I recently returned from a rewarding backpacking trip to Blackmare Lake in the Payette National Forest with two other individuals representing the Idaho Trails Association. In partnership with ICL, volunteers traveled into the rugged Idaho backcountry to help give back to the land with some trail work. 

On this excursion, we hiked 7.25 miles out to Blackmare Lake from Kennally Creek Campground. It was there we set up a base camp that we would hike out from for the next six days of trail work.

This was my first extended backpacking trip in Idaho, and what an introduction to these lands it was. The mission we set out on was as beautiful as it was rugged. The South Fork Blackmare Trail, which had not been serviced in quite some time (possibly 20+ years), was overgrown, riddled with large fallen trees, and all but non-existent in some spots

Over the span of a week, the three of us removed numerous logs using a cross-cut saw and cut back expansive thickets of shrubbery from the path, all while under a constant barrage of mosquitoes. Included in the trail we cleared was the steep ascent up to Blackmare Lake itself. Once indistinguishable from the surrounding brush, the path that takes you from Blackmare Lake to Denker Lake (accessible via “No-Trail” Trail from Needles Summit Trail) is now clearly navigable, though the terrain is still challenging!

While this experience was difficult and strenuous, it was also incredibly rewarding, and it will carry on as a lasting memory for me. When I finally turned around and saw the trail we worked so hard on had come back to life, I felt accomplished in the fact that future visitors will now be able to visit this refreshed corridor with confidence in knowing where they are headed.

I feel that the importance of work like this stems from the use it or lose it mentality. Our actions (even if just at a pace of ¾ miles of trail clearing per outing) have ramifications that protect those who don’t have a voice — the animals, plants, trails, and land as a whole rely on outdoor recreationists to use the land respectfully and tend to its needs. Work like this and the subsequent responsible use of these areas influence the actions of those who decide how it will be maintained in the future.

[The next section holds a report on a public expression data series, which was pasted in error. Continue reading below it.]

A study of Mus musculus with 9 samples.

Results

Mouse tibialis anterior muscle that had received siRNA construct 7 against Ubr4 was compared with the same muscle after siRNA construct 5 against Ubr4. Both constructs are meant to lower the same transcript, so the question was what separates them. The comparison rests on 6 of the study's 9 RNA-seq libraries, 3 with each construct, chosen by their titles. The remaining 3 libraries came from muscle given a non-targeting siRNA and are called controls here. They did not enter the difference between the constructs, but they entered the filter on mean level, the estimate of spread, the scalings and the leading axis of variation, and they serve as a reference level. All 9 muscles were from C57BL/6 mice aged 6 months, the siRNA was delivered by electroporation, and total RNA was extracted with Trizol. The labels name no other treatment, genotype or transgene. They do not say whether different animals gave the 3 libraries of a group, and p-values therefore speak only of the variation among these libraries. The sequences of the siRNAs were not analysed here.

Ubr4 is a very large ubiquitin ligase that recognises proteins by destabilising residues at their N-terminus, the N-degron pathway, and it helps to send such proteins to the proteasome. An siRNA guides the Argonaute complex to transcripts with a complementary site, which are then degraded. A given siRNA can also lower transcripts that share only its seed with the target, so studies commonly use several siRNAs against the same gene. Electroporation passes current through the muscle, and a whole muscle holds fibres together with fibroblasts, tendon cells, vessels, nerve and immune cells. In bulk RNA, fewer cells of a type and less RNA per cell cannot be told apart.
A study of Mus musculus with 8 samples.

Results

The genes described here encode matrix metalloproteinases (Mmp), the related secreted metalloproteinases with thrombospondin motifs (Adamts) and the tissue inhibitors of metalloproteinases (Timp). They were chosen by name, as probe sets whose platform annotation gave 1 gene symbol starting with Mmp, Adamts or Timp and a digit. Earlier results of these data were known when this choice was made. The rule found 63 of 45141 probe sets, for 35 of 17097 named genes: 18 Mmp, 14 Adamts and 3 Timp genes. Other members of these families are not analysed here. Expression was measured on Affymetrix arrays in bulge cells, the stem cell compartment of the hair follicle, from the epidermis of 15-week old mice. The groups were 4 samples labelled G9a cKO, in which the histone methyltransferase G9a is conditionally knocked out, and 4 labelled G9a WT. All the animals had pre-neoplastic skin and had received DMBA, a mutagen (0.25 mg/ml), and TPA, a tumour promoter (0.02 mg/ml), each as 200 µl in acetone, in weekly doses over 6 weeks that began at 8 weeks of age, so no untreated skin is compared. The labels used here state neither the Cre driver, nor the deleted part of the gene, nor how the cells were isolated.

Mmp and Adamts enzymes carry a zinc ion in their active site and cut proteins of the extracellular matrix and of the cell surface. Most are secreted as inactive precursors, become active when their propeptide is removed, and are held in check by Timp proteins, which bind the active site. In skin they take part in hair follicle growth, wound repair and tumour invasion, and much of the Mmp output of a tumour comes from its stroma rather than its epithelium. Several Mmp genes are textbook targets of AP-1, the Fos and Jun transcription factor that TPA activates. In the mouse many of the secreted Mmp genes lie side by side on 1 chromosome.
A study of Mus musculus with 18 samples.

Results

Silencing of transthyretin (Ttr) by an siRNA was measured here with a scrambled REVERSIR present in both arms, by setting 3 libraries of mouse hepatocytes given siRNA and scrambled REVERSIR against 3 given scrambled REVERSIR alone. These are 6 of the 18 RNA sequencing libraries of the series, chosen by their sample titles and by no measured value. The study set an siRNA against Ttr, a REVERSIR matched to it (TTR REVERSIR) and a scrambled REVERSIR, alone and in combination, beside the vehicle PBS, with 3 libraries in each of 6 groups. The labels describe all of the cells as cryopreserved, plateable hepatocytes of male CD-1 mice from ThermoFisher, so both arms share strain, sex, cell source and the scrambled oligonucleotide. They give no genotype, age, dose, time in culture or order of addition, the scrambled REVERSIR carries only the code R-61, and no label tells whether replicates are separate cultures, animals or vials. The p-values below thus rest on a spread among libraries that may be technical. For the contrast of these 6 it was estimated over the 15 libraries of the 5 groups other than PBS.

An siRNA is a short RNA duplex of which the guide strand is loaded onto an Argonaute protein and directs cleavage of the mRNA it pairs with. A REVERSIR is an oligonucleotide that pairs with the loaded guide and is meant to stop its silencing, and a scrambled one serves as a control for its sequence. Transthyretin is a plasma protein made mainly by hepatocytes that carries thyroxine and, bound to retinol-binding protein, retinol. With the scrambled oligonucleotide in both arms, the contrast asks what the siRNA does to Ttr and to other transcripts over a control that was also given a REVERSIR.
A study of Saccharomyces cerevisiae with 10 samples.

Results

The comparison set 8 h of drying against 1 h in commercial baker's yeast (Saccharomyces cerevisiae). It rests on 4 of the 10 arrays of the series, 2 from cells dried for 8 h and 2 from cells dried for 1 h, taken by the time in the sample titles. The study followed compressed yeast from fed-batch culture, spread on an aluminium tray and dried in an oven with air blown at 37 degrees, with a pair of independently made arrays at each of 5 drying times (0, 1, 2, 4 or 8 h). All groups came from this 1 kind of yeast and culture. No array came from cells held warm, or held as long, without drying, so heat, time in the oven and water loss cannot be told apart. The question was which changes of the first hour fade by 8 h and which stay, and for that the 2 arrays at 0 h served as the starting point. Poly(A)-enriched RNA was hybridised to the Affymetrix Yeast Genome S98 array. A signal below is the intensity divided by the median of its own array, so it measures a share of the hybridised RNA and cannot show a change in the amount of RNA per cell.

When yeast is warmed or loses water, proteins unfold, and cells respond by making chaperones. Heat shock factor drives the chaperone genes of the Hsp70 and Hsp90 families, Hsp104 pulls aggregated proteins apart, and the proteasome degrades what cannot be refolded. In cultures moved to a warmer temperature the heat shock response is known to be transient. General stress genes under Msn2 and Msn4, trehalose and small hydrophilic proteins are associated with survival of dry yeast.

Reflecting on this experience also reminds me how humbling nature can be. When you step away from your everyday comforts and vices to set out into the woods with only the essentials for survival on your person, you embark on a journey not only into the wilds, but into yourself. You witness what you are capable of, and the regular stressors of life seem to fizzle away as you focus your attention to the present and what is immediately around you. For this trip, it felt like true untamed wilderness. I don’t know about you, but for me, that is the type of soul fulfilling adventure I seek. 

My parting words are this: If there is a place that you recreate often, and you would be devastated if anything bad ever happened to it, it is your duty to give back to that place in any way possible, and to encourage others to do the same.